Temporary ban will keep dispensaries from town through Dec. 31

by: FILE PHOTO - The city of Tigard approved a ban on medical marijuana dispensaries until it can determine how the shops will be regulated.The city of Tigard has joined several Washington County cities in banning medical marijuana dispensaries, at least for the time being.

The City Council approved a temporary ban on retail establishments of the drug at its Tuesday meeting, saying that it needed time to consider what — if any — regulations the city would be able to place on the businesses.

“It would benefit the city to take the time and study the issue," said Tigard city planner John Floyd. "We will be able to identify any challenges to what we can practically enforce and how much authority local governments have to untangle some of those questions.”

Starting March 1, medical marijuana retail shops will become legal in Oregon. Several cities, including Tualatin, Sherwood, Hillsboro and Beaverton have passed ordinances banning the dispensaries.

The reasons for the bans have varied. Tualatin councilors have said that the ban is meant to keep illicit drugs from entering the city.

Tigard is taking a different approach.

“Medical marijuana is legal in Oregon,” said Tigard Mayor John L. Cook. “We are not here to discuss whether it’s a good idea to have it or not.”

Instead, Tigard councilors said the ban would be a stopgap while it gets its affairs in order, and has little to do with the pros or cons of marijuana as a medicine, or for recreation.

“The medical evidence is clear,” said Counclor Jason Snider. “ You can argue that you don’t like it, but the science is there.”

City Councilor Gretchen Buehner was the lone dissenting vote against the ban, saying that a moratorium would open the city up to litigation.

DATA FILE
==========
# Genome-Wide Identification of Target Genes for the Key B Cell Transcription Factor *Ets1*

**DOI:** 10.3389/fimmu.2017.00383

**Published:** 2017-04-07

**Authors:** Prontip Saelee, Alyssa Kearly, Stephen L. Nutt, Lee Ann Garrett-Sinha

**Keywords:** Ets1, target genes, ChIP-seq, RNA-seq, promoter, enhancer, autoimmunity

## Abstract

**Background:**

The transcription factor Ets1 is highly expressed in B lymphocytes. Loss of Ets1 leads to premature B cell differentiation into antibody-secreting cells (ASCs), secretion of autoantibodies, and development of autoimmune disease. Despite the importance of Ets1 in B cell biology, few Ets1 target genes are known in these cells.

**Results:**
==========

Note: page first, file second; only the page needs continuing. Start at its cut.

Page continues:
“Tualatin bought themselves a very expensive lawsuit that’s coming down the pipe,” Buehner said.

Questions linger

Dispensaries could already be banned under the city code, because any business building new construction must not violate federal law. However a loophole in city code would allow dispensaries from taking over existing locations, and allow existing businesses to begin offering medical marijuana services.

That was the case with The Human Collective, a dispensary that operated on Pacific Highway from 2010 to 2012, before it was shut down by Washington County Sheriff's Office.

The dispensary has since moved to Multnomah County.

But whether cities have the authority to regulate the businesses at all is open to debate. When the law legalizing dispensaries was approved it did little to address what local governments could do to regulate the businesses.

Current legislation in Salem would clarify what, if anything, cities would be able to do. But with dispensaries set to open across the state on March 1, councilors said it wanted to keep any dispensaries from opening until it gets more information from Salem.

What regulations could look like

The ban will last until the end of the year, if not lifted sooner.

Snider said that land use regulations against dispensaries could include rules about how close to schools the businesses can operate, and other restrictions, similar to those already placed on strip clubs or pornography shops located in town.

“We regulate eating and drinking establishments and we also regulate adult entertainment,” Floyd said. ”There are several ways can examine them.”

“What we are saying is that we need to carefully consider the land use implications and what it means,” Snider said. “There are too many questions in the law and conflicts in state and federal law. We need to talk about it more.”

The city will also consider the implications if Oregon opts to make recreational marijuana use legal.

“We need to have a proactive conversation so we know what we will do if and when recreational use comes together,” Snider said.

The Council agreed to reconsider the ban following the Legislature’s short session, which is scheduled to end in March.